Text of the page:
Get In And Set Up

Sunday was a busy day for the production. A 0930 (!) start saw us all hanging around in the drizzle outside in the car park of the All-New Wimbledon Studio, figuring out where to sign in. The New Studio looks unnervingly similar to the Old one, apart from one small detail.

When we trooped in to the familiar dressing room, we found it almost bare! No filing cabinet full of shit, no shelves heaped with scraps of gel, no rusting lamps with out-of-date electrical safety stickers, and most importantly, no chairs. But the fridge and kettle were all present and correct. The ‘ladies’ area now has more mirrors and light bulbs than a night at the fair, but bless ’em, they need it.

The first tea of the day tasted like nectar, as did the first muffin, the first doughnut and the first bag of Hula-Hoops. Meanwhile, upstairs, the crew (i.e. the Director, and her cronies production team) were sorting out what lights point where.

Focusing the lights can be a long process, and it involves forcing actors to stand in lights for long periods of time, doing nothing, while people on ladders call out to each other.

“Bring up 12 again”

“That was 12”

“Well bring up 13 then. You knew what I meant. Jesus.”

I believe this is a form of primitive mating call. Lord knows what else they do all day.

Making actors stand in lights is a cruel thing to do, they really don’t like being in the limelight with everyone looking at them. This causes them to display a strange form of defence mechanism, known in the trade as ‘Showing Off Like An Idiot’. This may involve gurning, bizarre twitching, contortions, using the light to make amusing shadow shapes, and other embarrassing behaviour.

The morning in general consisted of hanging around the auditorium (read: ‘rows of plastic seats’ – remember this is the Studio after all) while some poor sod has to repeat their entrance a billion times, and never get to say more than ½ their first line.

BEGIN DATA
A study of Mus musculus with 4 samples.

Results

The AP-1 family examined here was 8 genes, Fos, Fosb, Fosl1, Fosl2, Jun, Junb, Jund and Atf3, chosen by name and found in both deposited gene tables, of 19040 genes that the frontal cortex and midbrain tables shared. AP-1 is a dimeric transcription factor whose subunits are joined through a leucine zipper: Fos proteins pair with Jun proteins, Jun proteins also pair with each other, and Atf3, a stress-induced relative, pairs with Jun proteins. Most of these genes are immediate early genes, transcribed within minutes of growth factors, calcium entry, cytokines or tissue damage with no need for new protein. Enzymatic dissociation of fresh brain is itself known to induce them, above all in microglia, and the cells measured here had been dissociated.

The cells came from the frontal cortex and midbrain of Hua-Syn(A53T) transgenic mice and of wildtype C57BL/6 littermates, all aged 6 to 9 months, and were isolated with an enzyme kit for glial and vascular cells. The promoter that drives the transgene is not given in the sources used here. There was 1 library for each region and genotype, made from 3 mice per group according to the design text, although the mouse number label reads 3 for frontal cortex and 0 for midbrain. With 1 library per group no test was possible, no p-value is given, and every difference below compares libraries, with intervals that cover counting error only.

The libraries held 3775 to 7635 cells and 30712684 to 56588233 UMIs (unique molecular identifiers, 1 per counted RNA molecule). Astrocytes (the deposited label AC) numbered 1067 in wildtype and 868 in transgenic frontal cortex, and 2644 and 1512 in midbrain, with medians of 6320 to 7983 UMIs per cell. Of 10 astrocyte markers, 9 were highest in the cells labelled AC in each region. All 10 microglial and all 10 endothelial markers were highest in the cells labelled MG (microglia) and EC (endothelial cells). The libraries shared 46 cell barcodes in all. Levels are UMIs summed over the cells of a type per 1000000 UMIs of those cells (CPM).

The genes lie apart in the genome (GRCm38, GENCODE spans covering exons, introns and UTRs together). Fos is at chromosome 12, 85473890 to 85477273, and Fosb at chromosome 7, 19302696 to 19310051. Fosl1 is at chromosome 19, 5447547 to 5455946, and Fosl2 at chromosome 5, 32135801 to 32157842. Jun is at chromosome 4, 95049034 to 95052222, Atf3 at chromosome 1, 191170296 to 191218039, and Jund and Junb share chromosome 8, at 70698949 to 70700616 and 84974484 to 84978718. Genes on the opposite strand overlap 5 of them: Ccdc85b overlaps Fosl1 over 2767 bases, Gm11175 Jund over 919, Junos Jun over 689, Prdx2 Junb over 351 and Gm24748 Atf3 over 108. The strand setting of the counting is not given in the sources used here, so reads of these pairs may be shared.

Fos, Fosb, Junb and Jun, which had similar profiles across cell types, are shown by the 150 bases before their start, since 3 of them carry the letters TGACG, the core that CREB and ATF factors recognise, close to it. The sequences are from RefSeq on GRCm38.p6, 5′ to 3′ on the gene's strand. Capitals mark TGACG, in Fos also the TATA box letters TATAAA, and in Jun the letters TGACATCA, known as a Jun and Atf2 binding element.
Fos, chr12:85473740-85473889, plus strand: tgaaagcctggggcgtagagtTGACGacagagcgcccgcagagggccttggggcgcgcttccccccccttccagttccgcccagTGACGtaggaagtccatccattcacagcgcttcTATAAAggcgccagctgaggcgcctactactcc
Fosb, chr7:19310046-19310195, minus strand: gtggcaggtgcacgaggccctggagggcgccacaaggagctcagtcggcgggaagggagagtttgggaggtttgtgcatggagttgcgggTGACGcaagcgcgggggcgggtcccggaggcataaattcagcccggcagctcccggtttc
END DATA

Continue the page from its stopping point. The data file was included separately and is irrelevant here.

Highlight! I must hide behind a curtain, worrying myself away to a stick, in the dark, for the first two scenes, before lunging out at whichever female is in the correct position. Sunday’s victim , the theatre tech, didn’t know where to look.

Lunch was at the pub, with the usual squeals, cackles and spillages. This is the only time I ever enter W*therspoons pubs. That said, the microwaved Spag Bol hit the spot.

Back in the dressing room, the subtle maneuvering for nice spaces and corners was taking place. At the risk of being antisocial, I managed to nab a nifty little corner, with a wooden step to sit on, where I can hide away and read, or make notes to write up here.

It had to happen sometime. Jayne took me aside, and without the help of the actual music, we managed to cobble together some steps for my dance routine. Actually that’s a bit disingenuous. 1. Jayne didn’t ‘cobble’ anything together – it’s real class, and 2. ‘Routine’ makes it sound like my execution of it is consistent. It ain’t.

It was only then that I realized the full horror of what was expected of me. Most amateur actors have enough trouble moving and talking at the same time. Here I was, having to perform choreographed steps to music, and remembering my lines, and remembering to say the said lines, and managing to do all this before the end of the first chorus of Kiss by Art of Noise feat. Tom Jones. A mighty task, but one which I think we’ve managed.

Tomorrows dress rehearsal will be the test.